The Chicagoan Credited with Popularizing Caramels in America
October 19, 2023
Chicago Stories: Candy Capital premieres on Friday, October 27 at 8:00 pm on WTTW and streaming on the PBS app and wttw.com/chicagostories
Caramels have long been a staple in the confectionary world, and for that you can partially thank Charles F. Gunther – a man with the eclectic description of candymaker, Chicago alderman, and avid collector.
“Caramels were not invented in Chicago, but Gunther is often credited with the mass popularity of caramels in the 19th century,” Leslie Goddard, author of Chicago's Sweet Candy History, says in Chicago Stories: Candy Capital.
Born in Germany in 1837, Gunther settled in the United States with his family as a child and held several jobs as a young man. During the Civil War, he worked for the Confederate Navy and was captured and held by the Union Army for some time.
After the war, he traveled to Europe, where he learned about caramels and candy making. In 1868, he opened his own candy shop on Clark Street in Chicago, but his first shop was destroyed in the Great Chicago Fire in 1871. He then opened a larger factory and shop on State Street, and business boomed as wealthy Chicagoans like Bertha Palmer supported his business.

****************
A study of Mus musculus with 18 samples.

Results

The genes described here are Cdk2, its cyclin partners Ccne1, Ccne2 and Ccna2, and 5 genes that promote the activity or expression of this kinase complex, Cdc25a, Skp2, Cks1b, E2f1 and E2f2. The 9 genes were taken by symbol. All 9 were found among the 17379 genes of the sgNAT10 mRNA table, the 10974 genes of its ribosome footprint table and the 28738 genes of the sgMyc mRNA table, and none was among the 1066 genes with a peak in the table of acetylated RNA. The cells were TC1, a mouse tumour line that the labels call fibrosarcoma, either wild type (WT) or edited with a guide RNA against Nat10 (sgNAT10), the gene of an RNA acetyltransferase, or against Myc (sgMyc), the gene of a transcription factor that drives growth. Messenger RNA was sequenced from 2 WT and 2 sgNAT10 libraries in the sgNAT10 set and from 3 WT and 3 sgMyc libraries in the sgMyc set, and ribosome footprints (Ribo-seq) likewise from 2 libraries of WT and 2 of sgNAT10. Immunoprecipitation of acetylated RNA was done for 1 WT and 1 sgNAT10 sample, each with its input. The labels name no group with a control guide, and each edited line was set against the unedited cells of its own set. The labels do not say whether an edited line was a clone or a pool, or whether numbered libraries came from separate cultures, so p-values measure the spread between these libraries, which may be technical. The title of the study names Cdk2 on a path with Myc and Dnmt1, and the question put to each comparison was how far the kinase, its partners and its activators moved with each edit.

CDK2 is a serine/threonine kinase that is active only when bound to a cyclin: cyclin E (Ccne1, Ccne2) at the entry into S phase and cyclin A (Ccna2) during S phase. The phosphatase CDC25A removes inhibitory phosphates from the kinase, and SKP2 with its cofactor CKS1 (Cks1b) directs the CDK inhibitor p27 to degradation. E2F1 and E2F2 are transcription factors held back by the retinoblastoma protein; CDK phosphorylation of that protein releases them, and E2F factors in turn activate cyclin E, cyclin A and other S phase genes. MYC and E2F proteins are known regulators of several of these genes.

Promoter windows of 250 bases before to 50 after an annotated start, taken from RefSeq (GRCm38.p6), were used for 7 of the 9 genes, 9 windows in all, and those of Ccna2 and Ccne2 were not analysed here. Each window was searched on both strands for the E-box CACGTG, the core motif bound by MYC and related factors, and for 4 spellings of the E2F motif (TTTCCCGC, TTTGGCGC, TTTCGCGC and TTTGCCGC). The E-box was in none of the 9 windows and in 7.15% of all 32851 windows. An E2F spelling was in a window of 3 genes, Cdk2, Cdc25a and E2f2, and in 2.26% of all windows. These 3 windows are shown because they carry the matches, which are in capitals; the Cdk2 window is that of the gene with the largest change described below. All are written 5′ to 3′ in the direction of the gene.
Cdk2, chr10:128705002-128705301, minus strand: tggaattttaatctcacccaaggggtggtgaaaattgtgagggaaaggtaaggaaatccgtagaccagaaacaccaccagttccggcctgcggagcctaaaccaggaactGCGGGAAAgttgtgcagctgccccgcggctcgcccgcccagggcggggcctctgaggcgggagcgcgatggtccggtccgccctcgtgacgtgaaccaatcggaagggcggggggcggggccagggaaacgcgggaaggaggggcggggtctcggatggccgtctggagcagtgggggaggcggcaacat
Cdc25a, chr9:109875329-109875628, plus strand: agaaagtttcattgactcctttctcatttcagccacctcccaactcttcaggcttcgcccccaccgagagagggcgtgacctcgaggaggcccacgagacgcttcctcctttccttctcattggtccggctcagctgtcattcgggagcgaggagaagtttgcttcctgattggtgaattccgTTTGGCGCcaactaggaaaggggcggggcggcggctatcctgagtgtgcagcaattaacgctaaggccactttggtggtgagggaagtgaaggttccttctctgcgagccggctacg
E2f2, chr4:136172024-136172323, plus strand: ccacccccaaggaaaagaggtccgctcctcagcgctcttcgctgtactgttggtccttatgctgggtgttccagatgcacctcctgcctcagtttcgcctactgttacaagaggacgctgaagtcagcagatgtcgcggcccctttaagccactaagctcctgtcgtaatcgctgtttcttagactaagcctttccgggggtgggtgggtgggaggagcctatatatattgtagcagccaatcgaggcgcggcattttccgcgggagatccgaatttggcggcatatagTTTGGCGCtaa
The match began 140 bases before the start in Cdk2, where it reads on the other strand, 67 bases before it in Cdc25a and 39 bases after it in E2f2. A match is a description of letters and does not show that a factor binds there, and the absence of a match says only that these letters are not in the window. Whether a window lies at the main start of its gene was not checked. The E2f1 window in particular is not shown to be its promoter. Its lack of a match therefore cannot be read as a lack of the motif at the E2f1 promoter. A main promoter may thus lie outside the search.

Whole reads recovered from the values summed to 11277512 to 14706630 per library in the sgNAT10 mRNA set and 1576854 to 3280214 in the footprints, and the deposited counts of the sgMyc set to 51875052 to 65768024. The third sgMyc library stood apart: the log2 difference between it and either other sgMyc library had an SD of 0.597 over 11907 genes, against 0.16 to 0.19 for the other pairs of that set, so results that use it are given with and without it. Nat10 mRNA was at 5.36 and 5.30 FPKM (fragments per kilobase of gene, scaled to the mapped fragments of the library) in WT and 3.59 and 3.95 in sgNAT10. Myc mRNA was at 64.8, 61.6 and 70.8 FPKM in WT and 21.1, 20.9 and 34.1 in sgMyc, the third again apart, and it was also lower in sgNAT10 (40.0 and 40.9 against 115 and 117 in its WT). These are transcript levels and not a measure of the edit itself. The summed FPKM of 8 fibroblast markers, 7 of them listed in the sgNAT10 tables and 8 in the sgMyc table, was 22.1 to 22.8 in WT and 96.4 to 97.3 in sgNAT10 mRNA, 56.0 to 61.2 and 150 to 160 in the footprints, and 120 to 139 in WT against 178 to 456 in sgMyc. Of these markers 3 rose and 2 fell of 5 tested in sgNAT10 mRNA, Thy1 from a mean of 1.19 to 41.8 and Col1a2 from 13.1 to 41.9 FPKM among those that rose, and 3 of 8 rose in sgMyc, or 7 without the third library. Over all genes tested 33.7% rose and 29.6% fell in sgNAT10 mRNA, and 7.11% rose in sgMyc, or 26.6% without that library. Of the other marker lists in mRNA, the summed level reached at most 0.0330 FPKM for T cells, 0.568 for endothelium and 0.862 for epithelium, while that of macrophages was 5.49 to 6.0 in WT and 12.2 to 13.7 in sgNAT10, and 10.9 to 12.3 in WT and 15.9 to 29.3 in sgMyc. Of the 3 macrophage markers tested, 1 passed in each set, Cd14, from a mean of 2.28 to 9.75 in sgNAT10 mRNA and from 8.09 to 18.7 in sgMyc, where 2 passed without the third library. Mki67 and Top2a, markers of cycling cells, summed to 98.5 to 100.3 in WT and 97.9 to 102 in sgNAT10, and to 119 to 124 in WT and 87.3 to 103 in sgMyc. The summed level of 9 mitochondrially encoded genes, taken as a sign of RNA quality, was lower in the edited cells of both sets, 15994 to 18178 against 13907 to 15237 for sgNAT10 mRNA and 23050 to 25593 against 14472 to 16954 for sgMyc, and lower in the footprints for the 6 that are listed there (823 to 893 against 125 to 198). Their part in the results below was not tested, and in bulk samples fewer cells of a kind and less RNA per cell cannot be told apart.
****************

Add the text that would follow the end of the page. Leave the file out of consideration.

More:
Gunther found so much financial success in the candy business that he was able to use some of his fortune to purchase expensive artifacts, particularly from the Civil War. He was quite the collector.
“He bought a prison from the Civil War and shipped it to Chicago,” Goddard says in the documentary. “It laid the foundation for Chicago to be home to one of the greatest collections of Civil War artifacts.”
Gunther’s collection also included the bed on which Abraham Lincoln died, the table where Confederate General Robert E. Lee surrendered at Appomattox, and George Washington’s compass.
Gunther also served as a Chicago alderman for the Second Ward from 1896 to 1900, and he served one term as the city’s treasurer. He died in 1920 and was buried in Rosehill Cemetery. Upon his death, the Chicago Historical Society purchased his artifacts, paintings, and manuscripts. With its growing collection, the Chicago Historical Society built a museum at Clark Street and North Avenue to house its expanding collection, which had been mostly destroyed in the Great Chicago Fire. Today, the Chicago History Museum still houses some of his collection.